Memoirs, Like the Corners of Your Mind

Whose story do you know better than your own?

If you’re like most people, you think your life is boring, like a great big rock just sitting there. Remember that every great sculpture starts with a big rock.

You also may not like writing about yourself, but that means you’re halfway there.

A reflection of essence, not life.

A memoir is no different from a novel. It requires a similar structure, the same rises and falls, and interesting characters.

A memoir is not a novel, nor is it non-fiction. It is the beautiful blending of a life lesson with structure and calculated shading of the truth.

Unless you’re a celebrity, astronaut, or spy, your memoir doesn’t have to encompass your whole life. It may only be a month or a year.

So, which year or moment? Think about moments of epiphanies or sudden realization. From there, you work backward to identify different aspects of your life that relate to that epiphany. More important, redact everything that doesn’t relate; you don’t need that for the memoir.

For example, when I was 40 years old, I was mowing my lawn and realized that my children were past the age when the bone disease that completely altered my life could manifest. They were all in the clear, and what felt like a literal weight fell off my shoulders. This was my epiphany.

Now I’d look for all the key moments related to my own battle with the disease. That would include my father smoking, the symptoms of the disease manifesting, overhearing the doctor tell my mom I’d probably never walk again. There are dozens of other moments I’d capture.

There are also moments of my life that are interesting but don’t relate to the spine of the book (me dealing with the bone disease). So my encounter with Cher screaming at me goes out the door. Same goes for Gene Hackman. (They would fit if I was instead sharing my time at the Space Needle in Seattle).

Emotionally, it would cover the fear as a kid, the lies to the doctor to find relief, and the shame as an adult (didn’t make any sense, but shame often doesn’t)… that’s a lot to make it compelling.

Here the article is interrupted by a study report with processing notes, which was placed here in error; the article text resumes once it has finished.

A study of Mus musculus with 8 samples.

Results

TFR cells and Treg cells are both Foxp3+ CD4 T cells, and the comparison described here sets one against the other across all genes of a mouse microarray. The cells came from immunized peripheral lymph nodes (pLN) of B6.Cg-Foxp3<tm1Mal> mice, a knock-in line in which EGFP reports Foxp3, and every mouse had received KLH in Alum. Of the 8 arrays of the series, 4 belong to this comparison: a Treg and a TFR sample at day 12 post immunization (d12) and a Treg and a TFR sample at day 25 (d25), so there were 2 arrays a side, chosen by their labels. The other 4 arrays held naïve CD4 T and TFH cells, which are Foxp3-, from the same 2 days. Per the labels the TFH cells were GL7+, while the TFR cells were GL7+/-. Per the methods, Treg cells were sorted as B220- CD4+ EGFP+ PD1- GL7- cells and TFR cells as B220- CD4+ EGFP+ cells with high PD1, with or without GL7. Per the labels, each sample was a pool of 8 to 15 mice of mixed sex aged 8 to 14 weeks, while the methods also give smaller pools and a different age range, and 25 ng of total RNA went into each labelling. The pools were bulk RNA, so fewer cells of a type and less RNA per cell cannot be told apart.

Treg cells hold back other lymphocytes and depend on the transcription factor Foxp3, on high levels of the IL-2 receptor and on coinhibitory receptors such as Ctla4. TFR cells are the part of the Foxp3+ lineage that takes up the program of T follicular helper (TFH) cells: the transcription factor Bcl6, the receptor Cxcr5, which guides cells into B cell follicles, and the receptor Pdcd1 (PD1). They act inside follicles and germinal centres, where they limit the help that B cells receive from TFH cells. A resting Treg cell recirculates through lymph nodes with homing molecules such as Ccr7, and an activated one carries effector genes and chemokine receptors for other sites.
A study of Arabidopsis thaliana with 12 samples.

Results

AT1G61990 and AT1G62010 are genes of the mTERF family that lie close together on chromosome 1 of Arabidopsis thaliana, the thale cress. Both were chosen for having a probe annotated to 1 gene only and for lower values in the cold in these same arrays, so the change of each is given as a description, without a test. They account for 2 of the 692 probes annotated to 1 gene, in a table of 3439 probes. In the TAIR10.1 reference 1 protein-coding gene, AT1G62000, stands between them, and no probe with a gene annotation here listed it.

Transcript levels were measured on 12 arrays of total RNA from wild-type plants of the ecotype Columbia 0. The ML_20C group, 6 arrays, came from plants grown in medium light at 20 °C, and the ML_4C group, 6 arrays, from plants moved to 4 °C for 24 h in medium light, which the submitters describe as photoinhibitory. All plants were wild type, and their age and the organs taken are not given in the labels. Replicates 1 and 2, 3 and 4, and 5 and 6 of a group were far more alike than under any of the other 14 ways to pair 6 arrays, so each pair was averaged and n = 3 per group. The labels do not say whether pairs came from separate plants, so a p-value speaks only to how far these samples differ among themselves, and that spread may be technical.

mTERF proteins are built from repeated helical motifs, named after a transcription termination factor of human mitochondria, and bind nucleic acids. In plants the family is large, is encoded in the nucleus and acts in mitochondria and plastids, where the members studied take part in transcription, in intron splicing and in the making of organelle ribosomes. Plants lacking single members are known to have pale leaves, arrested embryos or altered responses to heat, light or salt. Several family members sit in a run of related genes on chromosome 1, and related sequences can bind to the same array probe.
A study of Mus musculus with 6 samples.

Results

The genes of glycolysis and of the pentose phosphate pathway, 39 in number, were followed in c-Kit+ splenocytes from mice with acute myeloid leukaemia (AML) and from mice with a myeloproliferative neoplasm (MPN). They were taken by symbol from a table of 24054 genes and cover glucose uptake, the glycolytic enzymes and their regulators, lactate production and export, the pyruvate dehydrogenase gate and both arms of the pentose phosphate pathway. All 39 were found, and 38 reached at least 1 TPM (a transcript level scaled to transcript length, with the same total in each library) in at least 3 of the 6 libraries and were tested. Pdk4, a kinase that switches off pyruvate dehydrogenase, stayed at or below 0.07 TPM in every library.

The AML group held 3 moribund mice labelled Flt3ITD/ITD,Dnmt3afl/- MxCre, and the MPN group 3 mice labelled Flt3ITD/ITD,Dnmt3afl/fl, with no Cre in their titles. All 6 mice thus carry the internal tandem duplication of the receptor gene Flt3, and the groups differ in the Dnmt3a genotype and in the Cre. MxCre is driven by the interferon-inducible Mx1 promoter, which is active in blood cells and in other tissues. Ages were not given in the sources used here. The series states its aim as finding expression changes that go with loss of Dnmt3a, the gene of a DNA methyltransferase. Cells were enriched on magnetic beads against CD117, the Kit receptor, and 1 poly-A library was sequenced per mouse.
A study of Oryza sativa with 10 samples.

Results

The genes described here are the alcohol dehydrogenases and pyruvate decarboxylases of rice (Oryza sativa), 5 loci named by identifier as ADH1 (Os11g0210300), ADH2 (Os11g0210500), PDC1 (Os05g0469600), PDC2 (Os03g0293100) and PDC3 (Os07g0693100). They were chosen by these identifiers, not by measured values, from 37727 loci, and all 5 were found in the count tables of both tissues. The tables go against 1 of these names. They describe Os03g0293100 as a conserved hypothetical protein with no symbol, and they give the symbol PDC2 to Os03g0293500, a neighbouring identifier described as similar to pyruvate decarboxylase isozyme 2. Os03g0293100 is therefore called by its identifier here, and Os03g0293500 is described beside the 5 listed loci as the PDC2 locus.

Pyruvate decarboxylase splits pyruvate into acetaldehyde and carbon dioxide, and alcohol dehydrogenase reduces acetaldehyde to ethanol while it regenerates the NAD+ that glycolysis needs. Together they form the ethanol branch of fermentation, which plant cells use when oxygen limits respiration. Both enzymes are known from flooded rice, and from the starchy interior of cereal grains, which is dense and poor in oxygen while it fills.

Then you’d want to examine the people of the relevant bits of your life. Two things to consider:

  1. Would they mind you writing about them?
  2. Can any people be consolidated into one to make the narrative more clear? For example, I have three sisters and a brother. I might consolidate the sisters into one (for family, that might mean consolidating the actions and words, so one sister is active and the others are just mentioned).

That second point leads us to another important truth. Not every moment of the memoir needs to be accurate to be “true.” You’re telling a story, and a story has to be clear and organized. That isn’t life.

Examine each “scene” of your life, consolidate similar events, and shape them to tell a compelling story, not to be true to life. Imagine how a camera can tell a different story by focusing on a particular viewpoint. In the same way, it isn’t true in the sense of fact, it’s true to the emotion and the story.

From there, you use the “rules” of fiction to write the book. And you don’t like talking about yourself? Even better. Consider the “you” in the story as a different character, true to the essence of you, if not the word of you.

Finally, a memoir can be funny, scary, thoughtful, or any other subgenre.

There’s a lot more to be said about writing a memoir, but this might be enough to whet your appetite to consider a writing one.